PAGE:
The Ford Mustang Bullitt, Shelby GT350 and GT350R models won’t be offered for 2021 – but the company has resurrected another heritage nameplate.

    And unlike the two Shelbys, Ford’s latest limited edition flagship, the 2021 Ford Mustang Mach 1, will also be offered globally.

    Ford Authority reports it’s spoken with the Mustang development team, who confirmed the model will be exported.

    Ford Australia had no comment on whether we’ll be one of the export markets for the Mach 1.

    The 2021 Mustang Mach 1 is powered by Ford’s naturally-aspirated 5.0-litre Coyote V8, producing 358kW of power and 570Nm of torque.

    It’s borrowed bits and pieces from other high-performance Mustangs. For example, it borrows its rear axle cooler and lower diffuser from the fire-breathing supercharged Shelby GT500.

    Its intake manifold and engine oil cooler come from the Shelby GT350, as does its Tremec six-speed manual transmission with automatic rev matching. A 10-speed automatic is optional.

    The car rides on a revised magnetic suspension setup backed by stiffer sway bars and front springs.

    Standard features include a retuned electronic power steering system, stiffer rear subframe bushings, and Michelin Pilot Sport 4 tyres wrapped around wider wheels than the stock GT.

    It’s also available with an optional Handling Package, which adds a unique front splitter and rear tyre spats from the Shelby GT500.

    The Mach 1’s design pays homage to its predecessors with a deep front splitter and mesh grille complete with retro-inspired lamp inserts, black highlights on the bonnet and flanks, and a larger rear diffuser.

    While Australia missed out on the Shelby GT350 and GT350R, which used Ford’s 6.2-litre Voodoo V8 with a flat-plane crankshaft producing 392kW of power and 582Nm of torque, we’ve enjoyed some home-grown hi-po Mustangs.

    The limited-edition Mustang R-Spec, fettled by Herrod Performance, features a supercharged 5.0-litre V8 engine producing 522kW of power and 830Nm of torque.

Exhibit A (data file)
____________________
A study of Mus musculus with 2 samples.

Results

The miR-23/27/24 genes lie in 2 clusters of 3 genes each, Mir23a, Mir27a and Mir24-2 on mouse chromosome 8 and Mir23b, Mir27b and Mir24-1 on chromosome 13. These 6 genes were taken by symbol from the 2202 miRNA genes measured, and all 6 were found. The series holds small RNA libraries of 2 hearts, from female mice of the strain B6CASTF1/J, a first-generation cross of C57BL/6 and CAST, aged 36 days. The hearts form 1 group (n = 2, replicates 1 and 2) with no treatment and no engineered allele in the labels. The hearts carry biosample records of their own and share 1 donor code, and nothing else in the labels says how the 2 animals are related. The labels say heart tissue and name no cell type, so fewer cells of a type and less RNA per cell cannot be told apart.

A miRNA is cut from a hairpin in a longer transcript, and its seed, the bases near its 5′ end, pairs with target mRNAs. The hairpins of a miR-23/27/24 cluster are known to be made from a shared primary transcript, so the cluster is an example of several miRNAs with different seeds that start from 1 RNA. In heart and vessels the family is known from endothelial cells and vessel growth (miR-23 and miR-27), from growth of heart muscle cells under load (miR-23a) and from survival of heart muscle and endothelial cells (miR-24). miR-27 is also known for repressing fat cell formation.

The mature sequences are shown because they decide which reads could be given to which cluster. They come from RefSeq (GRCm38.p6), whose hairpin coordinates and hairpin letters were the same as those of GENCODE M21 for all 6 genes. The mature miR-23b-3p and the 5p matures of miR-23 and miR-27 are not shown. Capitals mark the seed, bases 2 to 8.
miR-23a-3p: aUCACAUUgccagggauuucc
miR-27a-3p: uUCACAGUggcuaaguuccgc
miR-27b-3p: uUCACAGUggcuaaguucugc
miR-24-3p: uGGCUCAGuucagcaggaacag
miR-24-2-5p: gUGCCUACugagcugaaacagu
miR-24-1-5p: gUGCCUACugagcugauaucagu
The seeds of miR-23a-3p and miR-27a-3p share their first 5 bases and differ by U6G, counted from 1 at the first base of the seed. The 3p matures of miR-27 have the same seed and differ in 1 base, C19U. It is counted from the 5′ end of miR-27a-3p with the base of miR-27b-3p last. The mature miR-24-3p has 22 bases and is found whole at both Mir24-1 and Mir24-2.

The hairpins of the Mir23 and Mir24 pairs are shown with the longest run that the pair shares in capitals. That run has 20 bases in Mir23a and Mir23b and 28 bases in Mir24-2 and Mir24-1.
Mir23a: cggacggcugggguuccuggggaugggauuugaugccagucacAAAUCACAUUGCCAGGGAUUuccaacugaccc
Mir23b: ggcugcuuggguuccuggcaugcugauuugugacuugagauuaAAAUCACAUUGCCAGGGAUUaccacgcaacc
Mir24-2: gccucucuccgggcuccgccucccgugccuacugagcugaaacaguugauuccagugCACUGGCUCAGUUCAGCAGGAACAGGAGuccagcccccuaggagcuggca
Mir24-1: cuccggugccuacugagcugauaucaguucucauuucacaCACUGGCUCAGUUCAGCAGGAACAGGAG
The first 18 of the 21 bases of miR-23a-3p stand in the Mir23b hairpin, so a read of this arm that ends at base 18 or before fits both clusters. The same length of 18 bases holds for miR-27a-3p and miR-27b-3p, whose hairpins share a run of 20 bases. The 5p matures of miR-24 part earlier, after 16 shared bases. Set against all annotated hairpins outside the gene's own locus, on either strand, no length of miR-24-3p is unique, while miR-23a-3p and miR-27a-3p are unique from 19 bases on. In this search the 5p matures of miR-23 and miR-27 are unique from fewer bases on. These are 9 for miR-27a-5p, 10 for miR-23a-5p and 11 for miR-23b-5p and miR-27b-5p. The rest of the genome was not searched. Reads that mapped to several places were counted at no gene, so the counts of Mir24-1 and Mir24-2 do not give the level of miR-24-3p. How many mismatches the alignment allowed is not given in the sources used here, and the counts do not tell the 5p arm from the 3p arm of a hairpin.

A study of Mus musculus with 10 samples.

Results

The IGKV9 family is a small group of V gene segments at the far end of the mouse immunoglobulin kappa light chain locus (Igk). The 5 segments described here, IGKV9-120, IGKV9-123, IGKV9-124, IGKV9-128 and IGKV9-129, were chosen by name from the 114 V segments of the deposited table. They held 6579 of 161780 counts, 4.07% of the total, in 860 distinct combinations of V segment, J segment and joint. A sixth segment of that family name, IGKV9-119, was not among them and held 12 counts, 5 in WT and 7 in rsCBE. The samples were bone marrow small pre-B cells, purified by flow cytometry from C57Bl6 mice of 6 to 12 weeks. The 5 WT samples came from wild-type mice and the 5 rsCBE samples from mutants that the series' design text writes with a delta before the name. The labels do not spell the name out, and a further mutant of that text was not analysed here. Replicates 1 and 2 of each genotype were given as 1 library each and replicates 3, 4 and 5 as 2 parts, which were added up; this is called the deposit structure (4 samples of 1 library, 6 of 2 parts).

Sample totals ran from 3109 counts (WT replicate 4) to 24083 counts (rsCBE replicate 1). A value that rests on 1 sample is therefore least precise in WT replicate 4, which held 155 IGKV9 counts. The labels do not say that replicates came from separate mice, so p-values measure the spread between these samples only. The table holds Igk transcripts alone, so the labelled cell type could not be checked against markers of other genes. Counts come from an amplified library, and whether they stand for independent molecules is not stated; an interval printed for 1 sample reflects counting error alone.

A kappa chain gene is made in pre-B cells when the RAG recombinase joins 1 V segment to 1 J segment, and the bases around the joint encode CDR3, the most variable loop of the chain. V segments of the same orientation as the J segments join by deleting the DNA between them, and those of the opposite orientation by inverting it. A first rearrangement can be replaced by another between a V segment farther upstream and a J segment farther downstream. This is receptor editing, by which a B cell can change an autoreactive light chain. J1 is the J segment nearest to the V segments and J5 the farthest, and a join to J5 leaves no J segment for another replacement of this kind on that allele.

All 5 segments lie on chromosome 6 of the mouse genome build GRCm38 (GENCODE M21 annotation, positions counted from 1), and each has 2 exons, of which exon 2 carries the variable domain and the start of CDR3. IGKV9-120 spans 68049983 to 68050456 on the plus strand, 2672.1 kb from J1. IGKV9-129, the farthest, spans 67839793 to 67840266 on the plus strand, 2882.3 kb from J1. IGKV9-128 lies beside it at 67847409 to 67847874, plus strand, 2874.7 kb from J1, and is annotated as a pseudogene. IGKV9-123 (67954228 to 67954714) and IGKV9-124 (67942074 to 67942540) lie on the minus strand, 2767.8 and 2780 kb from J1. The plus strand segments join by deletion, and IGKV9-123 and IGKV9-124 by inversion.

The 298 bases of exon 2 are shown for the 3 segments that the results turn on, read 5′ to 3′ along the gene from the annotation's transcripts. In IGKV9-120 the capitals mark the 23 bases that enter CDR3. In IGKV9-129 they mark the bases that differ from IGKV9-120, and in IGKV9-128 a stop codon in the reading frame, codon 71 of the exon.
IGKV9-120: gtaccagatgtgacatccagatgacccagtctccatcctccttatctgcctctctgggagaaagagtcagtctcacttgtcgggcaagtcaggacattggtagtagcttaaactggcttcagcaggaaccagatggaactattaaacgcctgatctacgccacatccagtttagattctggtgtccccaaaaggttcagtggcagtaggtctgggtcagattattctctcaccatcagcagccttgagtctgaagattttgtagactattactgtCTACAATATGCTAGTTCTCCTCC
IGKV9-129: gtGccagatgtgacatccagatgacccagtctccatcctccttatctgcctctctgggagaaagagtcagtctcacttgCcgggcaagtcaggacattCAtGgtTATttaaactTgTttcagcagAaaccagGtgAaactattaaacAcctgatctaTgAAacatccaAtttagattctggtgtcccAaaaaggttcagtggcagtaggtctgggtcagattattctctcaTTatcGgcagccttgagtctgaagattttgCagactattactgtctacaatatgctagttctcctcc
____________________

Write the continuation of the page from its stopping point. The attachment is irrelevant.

Herrod’s new SM17 special also has a blown V8, albeit with more power (578kW) but slightly less torque (810Nm).

    North American buyers have access to the Shelby GT500, which features a 5.2-litre supercharged cross-plane crank V8 with 567kW of power and 847Nm of torque. It’s mated to a seven-speed dual-clutch automatic transmission sourced.

    Like the Shelby GT500, Mach 1 is one of the oldest variant names in Mustang history.

    It first appeared on the 1969 Mustang and offered a choice of five V8 engines, the largest being the 7.0-litre 428 4V Cobra Jet. Its success led to Ford withdrawing the GT nameplate after 1969, which didn’t reappear until 1982.

    The Mach 1 nameplate sat atop the redesigned 1971 range and was available exclusively with the fastback body. Eleanor in the original Gone in 60 Seconds was a 1973 Mach 1.

    The nameplate carried over into the dramatically downsized Mustang II range in 1974. Though the Mustang II was extremely popular at first, particularly in the wake of the first oil crisis, it had the ignominy of being the first Mustang to not offer an optional V8.

    One was available in Mexico and Ford’s US operations quickly made it available in 1975.

    The Mach 1 nameplate lasted for the rest of the Mustang II’s run but was supplanted by Cobra at the top of the range.

    It reappeared in the Mustang line in 2003 and 2004 on a special edition that succeeded the Bullitt, closing out the fourth generation model and packing a version of the Mustang Cobra’s double overhead-cam 4.6-litre V8 engine.

    William Stopford

    William Stopford is an automotive journalist based in Brisbane, Australia. William is a Business/Journalism graduate from the Queensland University of Technology who loves to travel, briefly lived in the US, and has a particular interest in the American car industry.